Tuesday, June 14, 2016

Time near Tehachapi

We parked the Roadrunner in Bakersfield and drove over and up the mountain to our friends Bobbi and Paul's place.  It was extraordinary dry in this part of the country but very beautiful nonetheless.
The drive took about 50 minutes and we arrived in town to tour around Tehachapi.
One of the attractions downtown is the train station museum.  It was quite an impressive operation.  Volunteers run the place and as it turns out Bobbi was well acquainted with the conductor who gave us our tour.  That was fun to see.  Friends who hadn't seen each other in a few years.

Meanwhile, we got our tickets and he provided some great background of the importance of the area and the railroad in particular.
The building itself looked fairly new and was -- it had burned down and was rebuilt over the last 10 years -- 2008 to be exact.  It was small and quaint but had a lot of interesting memorabilia in it to make it a very worthwhile way to spend a couple of hours.
Techachapi is along the route connecting San Francisco to Los Angeles by rail.  One of the features along the way is the engineering wonder:  The Loop.  It solves an elevation issue along the route by allowing the tracks to rise 77 feet around a small mountain.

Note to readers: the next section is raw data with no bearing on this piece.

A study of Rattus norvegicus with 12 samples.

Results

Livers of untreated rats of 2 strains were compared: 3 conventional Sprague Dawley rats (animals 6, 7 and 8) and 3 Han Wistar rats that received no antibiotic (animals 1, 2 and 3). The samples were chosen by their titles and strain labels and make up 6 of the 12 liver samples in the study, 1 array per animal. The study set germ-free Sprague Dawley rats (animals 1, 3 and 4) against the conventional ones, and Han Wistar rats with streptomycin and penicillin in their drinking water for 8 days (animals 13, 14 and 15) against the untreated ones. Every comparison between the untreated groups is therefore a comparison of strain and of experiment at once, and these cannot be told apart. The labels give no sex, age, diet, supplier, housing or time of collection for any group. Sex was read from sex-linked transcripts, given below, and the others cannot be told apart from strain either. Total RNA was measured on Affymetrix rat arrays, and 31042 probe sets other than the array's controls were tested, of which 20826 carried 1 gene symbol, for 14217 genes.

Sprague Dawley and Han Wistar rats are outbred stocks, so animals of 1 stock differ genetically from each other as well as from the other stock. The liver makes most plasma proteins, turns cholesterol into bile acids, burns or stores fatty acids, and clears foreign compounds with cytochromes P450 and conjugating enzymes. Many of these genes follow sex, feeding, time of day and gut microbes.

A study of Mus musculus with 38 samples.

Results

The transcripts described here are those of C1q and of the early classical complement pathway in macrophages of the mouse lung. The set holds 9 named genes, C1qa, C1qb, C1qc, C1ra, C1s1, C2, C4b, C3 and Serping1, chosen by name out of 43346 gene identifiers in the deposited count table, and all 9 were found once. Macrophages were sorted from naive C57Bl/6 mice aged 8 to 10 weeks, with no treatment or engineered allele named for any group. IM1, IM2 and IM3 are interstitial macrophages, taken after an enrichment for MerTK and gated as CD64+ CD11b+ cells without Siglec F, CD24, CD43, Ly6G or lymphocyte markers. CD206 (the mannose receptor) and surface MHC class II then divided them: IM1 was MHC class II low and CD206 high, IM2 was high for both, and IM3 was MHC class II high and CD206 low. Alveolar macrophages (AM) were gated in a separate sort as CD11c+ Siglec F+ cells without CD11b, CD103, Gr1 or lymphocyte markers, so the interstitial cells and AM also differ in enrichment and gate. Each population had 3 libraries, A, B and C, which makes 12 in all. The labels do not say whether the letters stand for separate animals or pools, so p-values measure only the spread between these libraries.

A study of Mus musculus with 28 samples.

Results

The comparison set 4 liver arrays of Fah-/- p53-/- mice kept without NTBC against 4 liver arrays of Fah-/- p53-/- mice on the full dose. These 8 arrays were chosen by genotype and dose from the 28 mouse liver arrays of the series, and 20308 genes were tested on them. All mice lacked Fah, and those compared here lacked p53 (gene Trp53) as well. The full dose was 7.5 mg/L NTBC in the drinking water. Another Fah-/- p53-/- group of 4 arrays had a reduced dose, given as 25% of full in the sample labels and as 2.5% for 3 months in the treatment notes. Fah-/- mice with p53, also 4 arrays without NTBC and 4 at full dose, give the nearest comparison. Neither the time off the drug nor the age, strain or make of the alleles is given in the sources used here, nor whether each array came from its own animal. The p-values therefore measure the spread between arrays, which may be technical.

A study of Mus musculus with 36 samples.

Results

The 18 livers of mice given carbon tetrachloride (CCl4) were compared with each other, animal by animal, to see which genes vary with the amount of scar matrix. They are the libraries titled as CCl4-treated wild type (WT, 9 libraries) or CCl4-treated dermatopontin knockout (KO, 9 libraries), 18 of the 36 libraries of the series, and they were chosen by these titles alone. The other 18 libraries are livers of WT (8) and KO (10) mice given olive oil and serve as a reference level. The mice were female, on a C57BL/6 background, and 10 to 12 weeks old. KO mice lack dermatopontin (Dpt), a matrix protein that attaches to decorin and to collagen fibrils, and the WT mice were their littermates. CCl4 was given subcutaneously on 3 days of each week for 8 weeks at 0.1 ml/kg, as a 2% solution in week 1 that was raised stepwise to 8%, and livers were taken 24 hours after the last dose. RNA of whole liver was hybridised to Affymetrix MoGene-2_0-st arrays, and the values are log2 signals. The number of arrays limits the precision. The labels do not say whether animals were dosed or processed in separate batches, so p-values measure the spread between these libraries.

Internet Photo of Tehachapi Loop
This loop slows trains as they move down the mountain in one direction and enables them to gain momentum as they go up the Tehachapi Pass.  It was completed in 1876 and remains one of the railroad engineering marvels of our country.

The Tehachapi Museum / Railroad station has displays that show the impact of the railroad to the area as well as some of the history of the many railroad companies over the years.
After our time at the museum we spent the day being treated to a wonderful time at Bobbi and Paul's place.  They have a choice overlook of a valley which is pretty fantastic.
It was really great to see them!

We weren't sure about getting up to their place in the Roadrunner so we opted to stay in Bakersfield at the Orange Grove RV Park.  Their sites were big and spacious and proved to be a good choice.
One of the days on our way up the mountain to Bobbi and Paul's, we opted to drive over to the grounds of the Cesar Chavez Monument.  He was an important Latino labor leader in the 1960's and 1970's and his home for twenty years was there in Keene County.  The site was closed for a private party but we managed to drive by and see some of it.

That's all from the Roadrunner Chronicles this time -- thanks for joining us!